Rahim Jaffer's appearance before a Commons committee last week may not be his last.
Opposition MPs said Sunday that the former Conservative MP should be called back to explain why he and his business partner, Patrick Glémaud, told the government operations committee that they had never lobbied the government or been paid to do so - denials that appear to have been contradicted by three cabinet ministers.
Pat Martin, a New Democrat MP, told CTV's Question Period that Mr. Jaffer will have to return to the committee to tell federal politicians why he said his conversations with former colleagues in the Conservative caucus were limited to social banter.
"I think there has to be consequences if you willingly mislead or, slash, lie to a parliamentary committee. We can't take that lightly," Mr. Martin said.
Environment Minister Jim Prentice told the House of Commons on Friday he had learned the previous Tuesday that Mr. Jaffer had made representations to a senior ministerial aide on behalf of someone else's company.
Mr. Jaffer's firm, Green Power Generation, also pitched three projects to Conservative MP Brian Jean, the parliamentary secretary to Transport Minister John Baird. Mr. Baird has released documents related to those proposals.
And Gary Goodyear, the minister responsible for economic development in Southern Ontario, said Mr. Glémaud approached his office regarding three other projects.
Neither Mr. Glémaud nor Mr. Jaffer are registered as lobbyists with the federal Lobbyists Commissioner.
Liberal MP Siobhan Coady said she is upset that Mr. Prentice waited until Friday to divulge the information about the contact between Mr. Jaffer and his staff member.
"Why didn't Mr. Prentice give us this information on Tuesday before committee so that we could have asked Mr. Jaffer very pointed questions on this issue on Wednesday," Ms. Coady asked in an interview with The Globe and Mail.
On Wednesday of this week, the committee will hear from Nazim Gillani, a Toronto-area financier with whom Mr. Jaffer was working to help get grants and public funds for green technologies. Ms. Coady said the committee will likely want to talk to the companies for whom Mr. Jaffer and Mr. Glémaud were working. "Maybe we'll have to ask Mr. Prentice to appear," she said.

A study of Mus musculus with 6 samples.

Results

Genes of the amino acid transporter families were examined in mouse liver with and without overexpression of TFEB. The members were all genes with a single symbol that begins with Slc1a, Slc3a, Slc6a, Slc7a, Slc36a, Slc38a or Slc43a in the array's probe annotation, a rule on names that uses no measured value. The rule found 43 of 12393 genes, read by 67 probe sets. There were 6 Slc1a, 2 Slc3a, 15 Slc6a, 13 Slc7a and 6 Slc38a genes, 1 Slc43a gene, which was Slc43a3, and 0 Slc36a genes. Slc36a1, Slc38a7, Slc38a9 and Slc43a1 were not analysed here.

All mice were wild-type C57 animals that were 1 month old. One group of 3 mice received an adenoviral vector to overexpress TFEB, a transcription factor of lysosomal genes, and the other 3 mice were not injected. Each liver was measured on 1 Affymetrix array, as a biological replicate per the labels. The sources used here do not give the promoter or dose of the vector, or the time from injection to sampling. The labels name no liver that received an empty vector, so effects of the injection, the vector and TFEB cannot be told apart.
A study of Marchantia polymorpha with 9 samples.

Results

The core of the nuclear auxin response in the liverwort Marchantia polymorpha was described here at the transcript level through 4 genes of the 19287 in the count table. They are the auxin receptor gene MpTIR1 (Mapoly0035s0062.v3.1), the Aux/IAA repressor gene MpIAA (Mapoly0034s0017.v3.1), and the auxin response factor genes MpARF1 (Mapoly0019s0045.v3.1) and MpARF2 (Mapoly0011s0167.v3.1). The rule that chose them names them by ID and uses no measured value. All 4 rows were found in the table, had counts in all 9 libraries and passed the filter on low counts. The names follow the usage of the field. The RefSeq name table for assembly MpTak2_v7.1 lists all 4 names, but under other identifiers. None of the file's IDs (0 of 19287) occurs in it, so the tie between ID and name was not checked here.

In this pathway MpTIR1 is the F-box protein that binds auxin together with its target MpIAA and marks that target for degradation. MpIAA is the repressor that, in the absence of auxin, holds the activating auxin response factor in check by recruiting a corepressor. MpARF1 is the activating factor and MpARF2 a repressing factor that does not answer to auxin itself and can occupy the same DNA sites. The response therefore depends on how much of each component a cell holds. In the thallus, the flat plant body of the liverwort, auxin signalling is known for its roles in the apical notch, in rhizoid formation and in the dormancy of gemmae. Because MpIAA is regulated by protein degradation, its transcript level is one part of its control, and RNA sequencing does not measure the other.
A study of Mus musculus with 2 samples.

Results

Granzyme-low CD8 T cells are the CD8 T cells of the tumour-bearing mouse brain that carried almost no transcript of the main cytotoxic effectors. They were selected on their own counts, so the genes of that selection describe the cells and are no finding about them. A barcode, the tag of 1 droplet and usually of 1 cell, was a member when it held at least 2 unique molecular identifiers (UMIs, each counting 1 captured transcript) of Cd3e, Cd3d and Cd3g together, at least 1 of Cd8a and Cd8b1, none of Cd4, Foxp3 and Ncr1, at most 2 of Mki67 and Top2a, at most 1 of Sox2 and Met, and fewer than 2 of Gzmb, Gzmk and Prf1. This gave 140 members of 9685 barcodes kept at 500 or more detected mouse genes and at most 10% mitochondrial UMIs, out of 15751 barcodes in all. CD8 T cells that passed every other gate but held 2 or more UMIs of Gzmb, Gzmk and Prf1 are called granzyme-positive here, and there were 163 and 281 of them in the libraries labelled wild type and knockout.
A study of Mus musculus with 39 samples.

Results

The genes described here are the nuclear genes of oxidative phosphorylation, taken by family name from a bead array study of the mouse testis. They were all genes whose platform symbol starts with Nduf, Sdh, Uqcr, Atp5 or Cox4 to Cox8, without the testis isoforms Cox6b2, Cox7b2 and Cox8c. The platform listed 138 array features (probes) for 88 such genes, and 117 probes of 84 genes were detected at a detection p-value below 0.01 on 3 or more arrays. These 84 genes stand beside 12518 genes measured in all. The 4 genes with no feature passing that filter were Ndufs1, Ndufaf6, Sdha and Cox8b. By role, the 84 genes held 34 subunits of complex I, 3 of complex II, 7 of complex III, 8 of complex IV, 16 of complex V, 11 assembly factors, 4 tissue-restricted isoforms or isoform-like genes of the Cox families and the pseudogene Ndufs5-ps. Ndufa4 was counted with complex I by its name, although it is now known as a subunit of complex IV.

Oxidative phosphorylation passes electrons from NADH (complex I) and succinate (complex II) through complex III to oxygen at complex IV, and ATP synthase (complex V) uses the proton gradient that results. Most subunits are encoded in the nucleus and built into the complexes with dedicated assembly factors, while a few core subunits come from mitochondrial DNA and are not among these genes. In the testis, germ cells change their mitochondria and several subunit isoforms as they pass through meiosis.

Liberal MP Frank Valeriote wrote to Karen Shepherd, the Commissioner of Lobbying, last Friday asking her to verify that Mr. Goodyear had reported the matter to her office. He also asked for information related to the status of any investigation she is conducting.
That drew an angry letter from Conservative MP Kelly Block. The Lobbying Act, wrote Ms. Block, "requires the Commissioner to conduct any investigations in private and not to disclose information that comes to her knowledge during the course of performing her duties."
But Ms. Coady said Mr. Valeriote was not asking the Commissioner to overstep her authority. "We're not asking her to release documents or give us any information."
During his testimony before the committee, Mr. Jaffer offered a tearful apology to his wife, Helena Guergis, who lost her cabinet post as minister of state for the status of women and was kicked out of the Conservative caucus as revelations about his business dealings were made public.
A private investigator says Mr. Gillani claims to have opened offshore accounts for Ms. Guergis and Mr. Jaffer. And Ms. Guergis sent a letter to Simcoe County on Sept. 9 "to encourage" officials to consider the BioDryer waste-disposal system at about the same time her husband's company was seeking money from the federal government for the same technology.
Ms. Guergis has stayed out of the public eye since the scandal broke. But she turned up Saturday at the annual general meeting in her Conservative riding association in New Lowell, Ont.
"It's really not appropriate for me to be answering, I know, the many questions that you do have," she said as she left the meeting. "I am anxious to answer those questions, but I will not be doing that right now."
With a report from The Canadian Press.